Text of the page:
We can no longer afford our over-paid public sector

William Saunderson-Meyer says SA needs a leader able to stand up against the PSU's wage demands


SA needs a Thatcher to take on the public sector

It’s a completely predictable routine. The audience watches with jaded indifference.

The steps are choreographed from entry through to exit. The swoops and bows are unchanging from one year to the next. 

It’s the annual dance of wage negotiations between the public service unions and the government. This year, the government’s first offer was an inflation-tracked increase of 4.8% for all employees except those in the top two grades, who were asked to signal their selflessness by accepting a percentage point less. 

The Conngress of SA Trade Unions (Cosatu) kicked off by demanding 10% increase at the top end and 12% for the rest, who are at present subsisting on “slave wages”. Then there are all kinds of fringe add-ons, such as increased housing allowances, bursaries, and leave benefits.

As the negotiation quadrille stumbles about, these figures are obviously in flux. But the detail is just a distraction from what is the real issue. And that is how much excessive resources will in the end be pumped into an already grotesquely bloated public service? Will it be too much, or way, way, too much?

Both the rate of growth of remuneration and public service staff numbers are unsustainable, given the country’s lacklustre economic growth. Everyone knows that at some time in the future, there will have to be a reckoning and that disaster beckons.

Nevertheless, there are the usual threats of mass action, if the unions don’t get there way. Cosatu is “combat ready” and will “take to the streets”.

No one has the courage to take on the labour movement, least of all Acting President Cyril Ramaphosa. After all, it was with the assistance of Cosatu and the SA Communist Party (SACP) that he got his hands on the levers of power. So, he is pretty much beholden to these two alliance partners – whose influence, ironically, former president Jacob Zuma had challenged and reduced substantially – to keep his mitts on those handles. 

Zuma’s sidelining of the SACP and Cosatu unfortunately had nothing to do with curbing the baleful effect of these two on the economy, but rather with rendering them harmless to his personal ambitions. During the Zuma years, the public-sector wage bill increased by an annual 10.3%, well in excess of inflation, as Zuma followed an unstated but key element to the African National Congress’ philosophy – the more people that are on the state payroll, the more guaranteed ANC voters there are. 

As the Institute of Race Relations points out in an analysis last week, the statistics are dismal. A third of all government spending is on public service salaries; government sector employment has risen by 25% since 1996, to hit 2m in 2017; and since 1994, pay increases for the public sector outstrip, by far, those awarded in the private sector. 

The situation is eerily analogous to the plight of Britain in the 1970s, where the social contract between the powerful union movement and successive governments had deteriorated into a rampant worker militancy. For comparison purposes, imagine our untouchable, work-shy SA Democratic Teachers Union, multiplied several fold.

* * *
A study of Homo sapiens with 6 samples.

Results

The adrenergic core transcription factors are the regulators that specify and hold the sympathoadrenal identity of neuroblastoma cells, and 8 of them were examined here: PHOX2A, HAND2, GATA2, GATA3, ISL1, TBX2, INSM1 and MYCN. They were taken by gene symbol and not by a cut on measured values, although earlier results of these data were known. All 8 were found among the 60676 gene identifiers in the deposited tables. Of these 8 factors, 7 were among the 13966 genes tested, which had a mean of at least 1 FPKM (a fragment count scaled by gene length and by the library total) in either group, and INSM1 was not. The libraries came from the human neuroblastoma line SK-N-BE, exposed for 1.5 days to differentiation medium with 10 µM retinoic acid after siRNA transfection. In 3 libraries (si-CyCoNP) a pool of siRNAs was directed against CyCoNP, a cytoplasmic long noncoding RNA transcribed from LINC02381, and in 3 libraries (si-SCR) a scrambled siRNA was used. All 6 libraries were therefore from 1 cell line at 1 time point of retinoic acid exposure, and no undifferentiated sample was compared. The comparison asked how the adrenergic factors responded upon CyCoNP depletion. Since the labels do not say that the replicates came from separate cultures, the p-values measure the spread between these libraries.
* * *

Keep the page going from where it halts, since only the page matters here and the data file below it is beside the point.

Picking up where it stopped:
Any and all attempts to curb union power, whether by Conservative governments or those of the unions’ traditional ally, Labour, were thwarted, while the British economy spiralled downwards. It was a Labour government that in 1976 was confronted with a fiscal abyss and had to slash government spending, bringing it into conflict with the unions and leading to the government’s collapse after only three years in power.

Onto the field of conflict rode the Conservative Party’s iron-willed Margaret Thatcher. She delivered exactly what she promised: the union movement was brought to heel and, eventually, there was a powerful economic recovery.

There persists, to this day, an enormous antipathy towards Thatcher. It is understandable, since her more than 11 years as prime minister were marked by intense social divisiveness and, initially, excruciating economic pain.

In her defence, Britain was in a state of terminal decline when she took over care. It was a case of kill or cure and as she said, in response to expectations that she would be forced to make a U turn on her desperately unpopular policies, “the lady’s not for turning”. 

The era of monetarist certainties, as espoused by Thatcher, is long over. Nevertheless, every country faces at some stage a crisis of such magnitude that demands a leader willing to take necessary decisions, despite vilification and anger. 

SA is approaching that crisis, but given his debt to the unions and the SACP, that person is unlikely to be Ramaphosa. Nor is it Mmusi Maimane, leader of the Democratic Alliance.

The DA might be the largest opposition party, but for the foreseeable future it is still far too small to be in contention to govern. In any case, the drift in the DA is towards an economic populism that echoes the ANC. The DA simply cannot espouse the harsh public service cutbacks that are necessary, without harming its electoral prospects.

The truth is that nothing will change until it has to. Like Britain, SA will have to topple into the abyss, then pick itself up and find a way up and out. The feel-good Ramaphosa era may be very short-lived.